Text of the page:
By Arwyn Rice
Peninsula Daily News
“Attendance is very good,” said Thomas Ellison, Clallam County Gem and Mineral Society show chairman and master facetier.
However, he said, the money people were spending was down from previous years.
It was similar to statistics at other gem and rock shows in the region, Ellison said.
A raffle for two fist-size emeralds and a set of smaller emerald stones, appraised at more than $150,000, had sold only 100 of the $10 tickets by Sunday morning, he said.
A second raffle of smaller stones and beads was available for $1.
The names of the raffle winners were not available Sunday afternoon.
Funds raised by the raffle will go to provide scholarships for Olympic Peninsula students who choose to study the Earth sciences in college.
More than 30 vendors displayed and sold gems, glass, geodes, carved stone jewelry and artwork of stone or gemstones.
Rock experts and gemologists were on hand to identify visitors' items, and stoneworking demonstrations and lessons were available.
One of the most popular was the Puget Sound Knappers, who had hundreds of pounds of obsidian with them, to demonstrate the technique of flaking chips off stones.
Most of the knappers used modern wood and brass tools, but Harry Oda, associate professor of anthropology from Pierce College, used traditional tools and techniques.
Several youngsters joined the group, using large pieces of discarded obsidian to attempt to create their own arrowheads, knives or figurines.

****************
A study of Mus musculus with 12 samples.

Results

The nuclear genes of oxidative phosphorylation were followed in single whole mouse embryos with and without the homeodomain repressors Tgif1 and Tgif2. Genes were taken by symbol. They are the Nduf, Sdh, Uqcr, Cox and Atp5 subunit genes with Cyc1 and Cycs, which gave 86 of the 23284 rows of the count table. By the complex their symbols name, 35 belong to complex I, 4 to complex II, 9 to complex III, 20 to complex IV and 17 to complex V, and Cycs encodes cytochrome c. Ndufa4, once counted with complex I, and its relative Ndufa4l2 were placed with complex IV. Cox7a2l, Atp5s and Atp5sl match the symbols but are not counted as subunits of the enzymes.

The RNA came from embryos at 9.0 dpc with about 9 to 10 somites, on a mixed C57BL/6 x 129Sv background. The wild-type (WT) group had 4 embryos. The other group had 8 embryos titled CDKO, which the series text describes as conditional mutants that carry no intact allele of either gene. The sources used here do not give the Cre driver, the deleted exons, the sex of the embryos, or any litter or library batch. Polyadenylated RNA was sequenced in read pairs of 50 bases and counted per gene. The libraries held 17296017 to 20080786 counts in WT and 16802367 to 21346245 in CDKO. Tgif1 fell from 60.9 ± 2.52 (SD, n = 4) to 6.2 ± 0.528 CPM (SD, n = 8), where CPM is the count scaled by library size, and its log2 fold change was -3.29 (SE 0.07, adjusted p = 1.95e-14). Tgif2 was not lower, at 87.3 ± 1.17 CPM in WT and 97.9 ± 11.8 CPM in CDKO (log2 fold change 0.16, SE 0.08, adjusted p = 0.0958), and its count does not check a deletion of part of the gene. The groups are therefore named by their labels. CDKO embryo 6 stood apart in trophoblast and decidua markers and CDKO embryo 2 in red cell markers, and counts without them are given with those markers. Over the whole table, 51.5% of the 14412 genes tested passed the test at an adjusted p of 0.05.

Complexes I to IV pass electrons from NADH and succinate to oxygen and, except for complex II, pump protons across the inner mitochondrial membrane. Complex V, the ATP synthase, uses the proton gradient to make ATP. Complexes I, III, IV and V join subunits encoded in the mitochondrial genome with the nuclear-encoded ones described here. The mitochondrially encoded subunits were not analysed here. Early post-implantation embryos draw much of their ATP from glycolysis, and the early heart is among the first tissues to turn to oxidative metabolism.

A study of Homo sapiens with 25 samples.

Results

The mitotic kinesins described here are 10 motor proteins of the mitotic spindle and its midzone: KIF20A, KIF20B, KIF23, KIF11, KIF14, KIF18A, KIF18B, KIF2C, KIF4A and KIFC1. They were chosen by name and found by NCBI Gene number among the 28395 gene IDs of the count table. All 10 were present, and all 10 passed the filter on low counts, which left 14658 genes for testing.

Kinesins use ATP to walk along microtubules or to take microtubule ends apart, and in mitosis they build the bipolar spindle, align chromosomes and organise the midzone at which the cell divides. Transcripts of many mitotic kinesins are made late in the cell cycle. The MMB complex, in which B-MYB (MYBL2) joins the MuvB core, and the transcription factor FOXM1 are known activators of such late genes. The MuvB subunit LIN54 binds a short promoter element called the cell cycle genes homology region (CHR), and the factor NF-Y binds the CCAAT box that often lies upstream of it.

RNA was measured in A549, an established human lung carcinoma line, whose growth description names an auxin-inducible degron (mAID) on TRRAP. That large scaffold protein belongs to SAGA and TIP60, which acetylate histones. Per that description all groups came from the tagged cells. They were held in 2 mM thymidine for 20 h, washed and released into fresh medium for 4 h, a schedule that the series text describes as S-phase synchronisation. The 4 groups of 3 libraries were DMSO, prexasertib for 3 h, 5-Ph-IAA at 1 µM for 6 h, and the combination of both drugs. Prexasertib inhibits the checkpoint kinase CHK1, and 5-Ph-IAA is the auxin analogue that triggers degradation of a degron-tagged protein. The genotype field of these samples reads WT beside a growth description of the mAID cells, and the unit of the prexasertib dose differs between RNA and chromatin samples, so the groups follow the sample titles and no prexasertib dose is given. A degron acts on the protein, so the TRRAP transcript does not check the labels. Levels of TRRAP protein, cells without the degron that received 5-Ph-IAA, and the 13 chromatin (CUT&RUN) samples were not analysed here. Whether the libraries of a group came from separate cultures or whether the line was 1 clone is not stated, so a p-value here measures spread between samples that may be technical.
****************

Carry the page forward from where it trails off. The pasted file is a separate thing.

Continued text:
Much of the obsidian used by Northwest knappers comes from Oregon, said Jim Keffer of Sammamish
“There are places in Oregon where obsidian flowed like rivers,” Keffer said.
Keffer said tribes of the Pacific Northwest used the obsidian to create very sharp tools knives, and arrow and spear points, as well as decorative items.
Some of the points and edges that can be knapped in obsidian are sharper than anything that can be created in metal, he said.
Obsidian, or volcanic glass, isn't just black glass, he said.
Keffer demonstrated that when the clean, smooth interior is exposed and exposed to bright sunlight, it glints gold, silver, burgundy and green.
He displayed varieties that show rainbow colors, and others, when cut thin, reveal lace-like patterns within a nearly clear stone, or striping in a half-dozen colors.
An obsidian formation at Glass Buttes, Ore., produces a unique obsidian called “fire obsidian” that looks like black opal, he said.
Puget Sound Knappers has about 350 members, including expert and beginning knappers.
Membership is free.
Reporter Arwyn Rice can be reached at 360-452-2345, ext. 5070, or at email@example.com.